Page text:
One of the skills you need to learn as a manager (and as a leader) is how to give tough feedback. I find it interesting that people have so much trouble doing it.
I also find it interesting that managers who are also parents often approach giving tough feedback differently at work than they do at home (I’m a parent of two teenage boys). They rarely hesitate to give tough feedback to their kids each day, but at work they hold back.
I suspect that managers are reluctant to give tough feedback when they don’t truly care about the person they need to give feedback to.
Almost nothing in the world is more important to a parent than their kids. They are a reflection of us. (We can argue about whether that is a healthy way for parents to think, but it’s a common sentiment.) We envision the adults they can be, and we do everything we can to lift them up, teach them lessons, and point them in the right direction. We care about them, deeply. We give them tough feedback all...the...time.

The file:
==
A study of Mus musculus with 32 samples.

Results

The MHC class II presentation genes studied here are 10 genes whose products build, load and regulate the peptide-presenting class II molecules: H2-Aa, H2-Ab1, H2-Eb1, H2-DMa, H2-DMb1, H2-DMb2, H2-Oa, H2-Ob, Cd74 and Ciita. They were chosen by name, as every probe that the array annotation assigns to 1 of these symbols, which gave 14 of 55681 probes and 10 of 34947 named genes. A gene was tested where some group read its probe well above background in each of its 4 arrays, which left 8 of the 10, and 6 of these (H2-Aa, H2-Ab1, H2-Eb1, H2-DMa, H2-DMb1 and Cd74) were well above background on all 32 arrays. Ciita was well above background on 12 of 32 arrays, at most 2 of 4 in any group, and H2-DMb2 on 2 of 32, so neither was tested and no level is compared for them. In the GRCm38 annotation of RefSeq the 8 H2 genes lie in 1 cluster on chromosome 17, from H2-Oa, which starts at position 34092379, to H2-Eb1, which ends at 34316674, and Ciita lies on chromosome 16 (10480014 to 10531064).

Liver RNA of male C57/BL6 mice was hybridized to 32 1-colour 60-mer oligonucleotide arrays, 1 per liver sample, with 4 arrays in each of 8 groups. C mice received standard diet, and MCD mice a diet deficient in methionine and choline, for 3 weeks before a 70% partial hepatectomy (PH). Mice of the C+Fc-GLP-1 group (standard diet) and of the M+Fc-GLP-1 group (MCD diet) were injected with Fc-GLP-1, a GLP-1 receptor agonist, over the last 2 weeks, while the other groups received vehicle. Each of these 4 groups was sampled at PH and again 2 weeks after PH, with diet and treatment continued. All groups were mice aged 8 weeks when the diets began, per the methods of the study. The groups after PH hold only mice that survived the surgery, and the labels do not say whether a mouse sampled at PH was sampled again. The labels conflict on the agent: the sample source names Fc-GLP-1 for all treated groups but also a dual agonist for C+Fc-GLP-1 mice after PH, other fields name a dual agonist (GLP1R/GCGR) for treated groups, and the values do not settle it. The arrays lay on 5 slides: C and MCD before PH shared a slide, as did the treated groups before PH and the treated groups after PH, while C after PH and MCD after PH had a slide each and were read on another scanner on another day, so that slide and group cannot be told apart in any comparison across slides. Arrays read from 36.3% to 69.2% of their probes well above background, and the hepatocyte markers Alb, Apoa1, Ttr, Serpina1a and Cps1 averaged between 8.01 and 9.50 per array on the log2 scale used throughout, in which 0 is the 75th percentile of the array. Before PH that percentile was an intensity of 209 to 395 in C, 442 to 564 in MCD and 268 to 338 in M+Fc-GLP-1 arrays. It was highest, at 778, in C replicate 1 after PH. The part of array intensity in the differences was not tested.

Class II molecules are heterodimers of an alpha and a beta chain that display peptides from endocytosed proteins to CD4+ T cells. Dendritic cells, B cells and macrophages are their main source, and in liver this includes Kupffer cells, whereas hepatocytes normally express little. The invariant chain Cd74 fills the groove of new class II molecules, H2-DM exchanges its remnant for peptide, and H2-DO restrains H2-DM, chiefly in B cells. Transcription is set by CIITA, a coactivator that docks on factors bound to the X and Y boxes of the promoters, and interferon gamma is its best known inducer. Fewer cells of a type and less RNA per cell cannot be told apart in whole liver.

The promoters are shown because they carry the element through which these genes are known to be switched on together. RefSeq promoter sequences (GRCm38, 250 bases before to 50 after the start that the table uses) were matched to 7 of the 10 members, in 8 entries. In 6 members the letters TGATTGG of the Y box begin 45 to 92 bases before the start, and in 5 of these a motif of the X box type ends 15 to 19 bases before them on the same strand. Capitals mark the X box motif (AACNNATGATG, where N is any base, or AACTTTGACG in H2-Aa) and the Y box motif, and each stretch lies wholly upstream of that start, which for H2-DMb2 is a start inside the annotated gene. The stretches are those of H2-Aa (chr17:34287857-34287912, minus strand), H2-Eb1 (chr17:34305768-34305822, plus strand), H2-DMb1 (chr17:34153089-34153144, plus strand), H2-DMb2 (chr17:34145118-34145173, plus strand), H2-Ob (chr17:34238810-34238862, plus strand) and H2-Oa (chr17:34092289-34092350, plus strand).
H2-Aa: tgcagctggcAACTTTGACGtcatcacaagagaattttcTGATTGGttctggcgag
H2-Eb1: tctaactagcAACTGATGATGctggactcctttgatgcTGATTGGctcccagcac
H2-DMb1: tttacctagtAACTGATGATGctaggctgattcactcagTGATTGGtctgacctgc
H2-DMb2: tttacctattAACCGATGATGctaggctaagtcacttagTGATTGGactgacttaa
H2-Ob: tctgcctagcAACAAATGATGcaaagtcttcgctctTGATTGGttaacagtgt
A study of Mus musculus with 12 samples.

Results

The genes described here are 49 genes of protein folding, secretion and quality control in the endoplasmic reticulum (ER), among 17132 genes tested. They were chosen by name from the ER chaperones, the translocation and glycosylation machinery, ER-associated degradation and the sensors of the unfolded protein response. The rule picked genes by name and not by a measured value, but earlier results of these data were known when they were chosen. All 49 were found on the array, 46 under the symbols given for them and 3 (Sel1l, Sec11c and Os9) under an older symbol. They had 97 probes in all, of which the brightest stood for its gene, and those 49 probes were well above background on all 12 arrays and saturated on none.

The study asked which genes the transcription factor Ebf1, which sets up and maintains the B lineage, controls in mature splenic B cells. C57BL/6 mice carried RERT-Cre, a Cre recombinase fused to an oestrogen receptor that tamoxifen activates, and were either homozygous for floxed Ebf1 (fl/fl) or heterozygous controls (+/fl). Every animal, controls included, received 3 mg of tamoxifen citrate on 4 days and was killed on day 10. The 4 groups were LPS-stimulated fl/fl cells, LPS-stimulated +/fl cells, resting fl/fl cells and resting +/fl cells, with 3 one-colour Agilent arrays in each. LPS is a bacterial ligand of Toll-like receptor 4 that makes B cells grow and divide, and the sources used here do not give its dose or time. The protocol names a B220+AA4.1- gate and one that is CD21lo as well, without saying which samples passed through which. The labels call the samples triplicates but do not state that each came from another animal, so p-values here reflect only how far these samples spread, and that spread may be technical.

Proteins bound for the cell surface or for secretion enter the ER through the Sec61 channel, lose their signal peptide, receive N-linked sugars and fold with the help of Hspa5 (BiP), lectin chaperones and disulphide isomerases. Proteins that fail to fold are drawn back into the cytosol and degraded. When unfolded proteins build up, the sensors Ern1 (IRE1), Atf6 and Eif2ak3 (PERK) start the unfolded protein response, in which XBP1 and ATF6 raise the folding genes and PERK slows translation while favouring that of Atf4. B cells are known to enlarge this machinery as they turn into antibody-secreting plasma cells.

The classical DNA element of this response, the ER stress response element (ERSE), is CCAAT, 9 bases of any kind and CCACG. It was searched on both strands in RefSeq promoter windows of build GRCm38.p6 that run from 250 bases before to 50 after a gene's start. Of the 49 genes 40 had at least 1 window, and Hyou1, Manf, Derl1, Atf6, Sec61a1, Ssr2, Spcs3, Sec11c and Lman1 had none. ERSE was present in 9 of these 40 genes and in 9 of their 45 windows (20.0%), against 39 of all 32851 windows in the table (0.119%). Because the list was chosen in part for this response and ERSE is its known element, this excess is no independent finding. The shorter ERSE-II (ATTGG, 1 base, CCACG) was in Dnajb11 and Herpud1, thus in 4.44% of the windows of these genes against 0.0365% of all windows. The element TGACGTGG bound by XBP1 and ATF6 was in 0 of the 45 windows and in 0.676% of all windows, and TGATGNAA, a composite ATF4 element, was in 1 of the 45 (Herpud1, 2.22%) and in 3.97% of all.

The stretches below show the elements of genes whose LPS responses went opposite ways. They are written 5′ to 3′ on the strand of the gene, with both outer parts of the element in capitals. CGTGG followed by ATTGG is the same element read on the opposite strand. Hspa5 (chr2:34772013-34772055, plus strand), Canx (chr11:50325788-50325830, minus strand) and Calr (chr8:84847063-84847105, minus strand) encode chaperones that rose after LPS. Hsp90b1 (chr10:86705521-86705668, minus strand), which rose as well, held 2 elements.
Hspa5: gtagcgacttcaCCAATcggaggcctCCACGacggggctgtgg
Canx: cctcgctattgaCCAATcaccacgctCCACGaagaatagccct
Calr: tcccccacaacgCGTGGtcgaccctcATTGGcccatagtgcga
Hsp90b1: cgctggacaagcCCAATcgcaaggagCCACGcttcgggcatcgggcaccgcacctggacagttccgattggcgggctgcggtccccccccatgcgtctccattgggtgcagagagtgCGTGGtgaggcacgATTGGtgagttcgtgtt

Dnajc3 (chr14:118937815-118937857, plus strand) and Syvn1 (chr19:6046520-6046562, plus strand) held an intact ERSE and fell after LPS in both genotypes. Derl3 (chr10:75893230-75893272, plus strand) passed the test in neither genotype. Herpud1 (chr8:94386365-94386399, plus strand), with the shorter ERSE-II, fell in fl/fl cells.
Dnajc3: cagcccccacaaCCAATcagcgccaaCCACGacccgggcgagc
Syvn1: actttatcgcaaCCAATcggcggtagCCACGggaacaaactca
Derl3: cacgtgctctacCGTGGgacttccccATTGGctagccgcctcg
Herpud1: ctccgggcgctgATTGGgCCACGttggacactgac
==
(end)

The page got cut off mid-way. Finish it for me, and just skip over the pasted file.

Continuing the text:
Then we go to work, and instead of seeing potential in the people who are struggling, we see them as a problem. Instead of envisioning what they could become we envision making them go away. And we get lazy. We don’t care enough to give them the feedback they need to succeed.
So, step 1 to learning how to give tough feedback is to learn how to truly care about the person. Step 2 is to envision what they can be and challenge them directly to make it happen.
One of the most rewarding parts of managing is witnessing people blossom into amazing professionals and knowing that your direct and caring feedback helped them take the steps to get there.
Want to learn more?
Kim Scott explores these themes in her talks and writings about Radical Candor. Leadership and Self-Deception by the Arbinger Institute will help you learn about why we fail to truly care, and how to challenge people directly the right way.